Wellington College has stood down two students for five days as a result of comments they made about rape, and the unnamed students have issued apologies.
The school's board of trustees made the announcement on Wednesday afternoon.
These are the consequences issued to the two students:
- Both students will be stood down for a period of five days.
- School leadership responsibilities have been withdrawn.
- Neither student will be allowed to represent the school in any sporting or cultural activities for an agreed period of time.
- Both students have made personal apologies and will undertake community work over the next months.
- Both students will undertake education about consent and healthy relationships.
"We have been unequivocal with these students and the rest of the school that the views expressed online last week have no place in our school or our community," the board said in a statement.
"The school will continue to strengthen our existing education programmes on healthy relationships and consent. These have been in place for more than a year but we know we can do better. We are also going to be working with our parent community because it is clear that everyone has an important part to play in keeping everyone safe."
As both boys are under the age of 18, some details are being withheld.
The unnamed boys both issued apologies:
"It is a really destructive attitude that leads to these sort of comments and I don't want others to make the same mistake as me because it hurts lots of people and it is not OK under any circumstances to write and say what I did, or to joke about it," one of the boys said.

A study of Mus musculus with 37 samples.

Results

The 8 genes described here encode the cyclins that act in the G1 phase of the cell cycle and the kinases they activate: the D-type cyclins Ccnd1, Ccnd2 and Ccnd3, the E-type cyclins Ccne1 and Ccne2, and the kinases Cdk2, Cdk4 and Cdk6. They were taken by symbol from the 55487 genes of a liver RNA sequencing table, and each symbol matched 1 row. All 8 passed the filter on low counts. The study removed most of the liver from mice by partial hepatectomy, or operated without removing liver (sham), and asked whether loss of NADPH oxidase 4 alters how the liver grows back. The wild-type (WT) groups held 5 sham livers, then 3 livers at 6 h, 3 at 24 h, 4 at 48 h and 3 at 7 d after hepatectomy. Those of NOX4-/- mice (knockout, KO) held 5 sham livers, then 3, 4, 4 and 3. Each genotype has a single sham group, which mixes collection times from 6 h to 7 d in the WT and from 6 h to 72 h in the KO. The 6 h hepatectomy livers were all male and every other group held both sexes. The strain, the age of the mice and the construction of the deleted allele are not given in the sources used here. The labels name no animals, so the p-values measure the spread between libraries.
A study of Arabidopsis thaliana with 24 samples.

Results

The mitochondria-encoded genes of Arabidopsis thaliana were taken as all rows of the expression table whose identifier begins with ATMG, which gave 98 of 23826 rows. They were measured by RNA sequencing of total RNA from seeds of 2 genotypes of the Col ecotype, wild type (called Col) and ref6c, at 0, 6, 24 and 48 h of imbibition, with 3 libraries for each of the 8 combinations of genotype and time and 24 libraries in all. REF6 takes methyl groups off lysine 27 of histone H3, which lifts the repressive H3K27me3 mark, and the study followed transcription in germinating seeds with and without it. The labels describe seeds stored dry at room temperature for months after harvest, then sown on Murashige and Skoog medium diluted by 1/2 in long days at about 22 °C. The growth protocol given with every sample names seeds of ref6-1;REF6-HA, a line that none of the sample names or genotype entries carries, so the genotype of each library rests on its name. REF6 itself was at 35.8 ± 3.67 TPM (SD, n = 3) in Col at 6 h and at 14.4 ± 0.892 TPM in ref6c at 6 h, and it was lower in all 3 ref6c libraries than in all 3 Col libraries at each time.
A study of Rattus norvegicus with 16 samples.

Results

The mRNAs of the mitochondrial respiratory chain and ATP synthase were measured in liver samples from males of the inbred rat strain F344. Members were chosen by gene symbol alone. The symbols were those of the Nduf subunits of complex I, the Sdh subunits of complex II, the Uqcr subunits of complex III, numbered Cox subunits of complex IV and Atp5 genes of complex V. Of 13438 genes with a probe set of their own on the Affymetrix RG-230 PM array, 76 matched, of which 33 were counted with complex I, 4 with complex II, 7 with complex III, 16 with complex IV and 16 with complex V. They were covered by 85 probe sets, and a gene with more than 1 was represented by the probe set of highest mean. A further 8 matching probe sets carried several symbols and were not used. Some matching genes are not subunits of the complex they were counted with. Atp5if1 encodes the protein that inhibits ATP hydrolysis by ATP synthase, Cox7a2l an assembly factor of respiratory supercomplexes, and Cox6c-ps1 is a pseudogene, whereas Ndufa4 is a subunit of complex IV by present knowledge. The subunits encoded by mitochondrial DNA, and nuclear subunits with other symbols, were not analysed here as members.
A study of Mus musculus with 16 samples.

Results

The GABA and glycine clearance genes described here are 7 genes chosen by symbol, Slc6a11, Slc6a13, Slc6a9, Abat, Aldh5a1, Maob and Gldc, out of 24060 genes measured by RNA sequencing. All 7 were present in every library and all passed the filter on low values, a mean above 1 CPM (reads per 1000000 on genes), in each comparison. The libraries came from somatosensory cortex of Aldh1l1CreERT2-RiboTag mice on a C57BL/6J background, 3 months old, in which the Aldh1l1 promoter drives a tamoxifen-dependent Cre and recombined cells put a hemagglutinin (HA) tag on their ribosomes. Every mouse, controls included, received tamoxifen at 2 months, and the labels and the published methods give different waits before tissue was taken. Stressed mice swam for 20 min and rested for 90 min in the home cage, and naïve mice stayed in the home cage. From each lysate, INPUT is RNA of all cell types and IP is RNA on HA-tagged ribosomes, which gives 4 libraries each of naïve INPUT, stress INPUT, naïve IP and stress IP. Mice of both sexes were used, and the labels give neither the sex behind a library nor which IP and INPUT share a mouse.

The other wrote: "What I said was completely out of line and I deeply regret saying it".
One of the comments posted by the boys in a closed Facebook group last week read: "If you don't take advantage of a drunk girl, you're not a Wc boy".
Wednesday's announcement follows a protest at Parliament on Monday, organised by Wellington East Girls' College students.
It was attended by hundreds of people who spoke out against rape culture and called for compulsory consent education in schools.
Labour supports the move for consent education, but National says schools are doing enough.
Sex education is compulsory through to year 10 and the Ministry of Education guidelines say this should include the subject of consent - however covering the topic isn't mandatory.
One of the protest organisers, Sorcha Ashworth, told Newshub the group would keep fighting until all teenagers were taught about consent.
"We're not just going to let this go," the Year 13 said.
"We're not going to stop until they take this seriously."
Ms Ashworth said it was incredible so many turned out to protest - a sign, she said, of just how important the issue was to so many.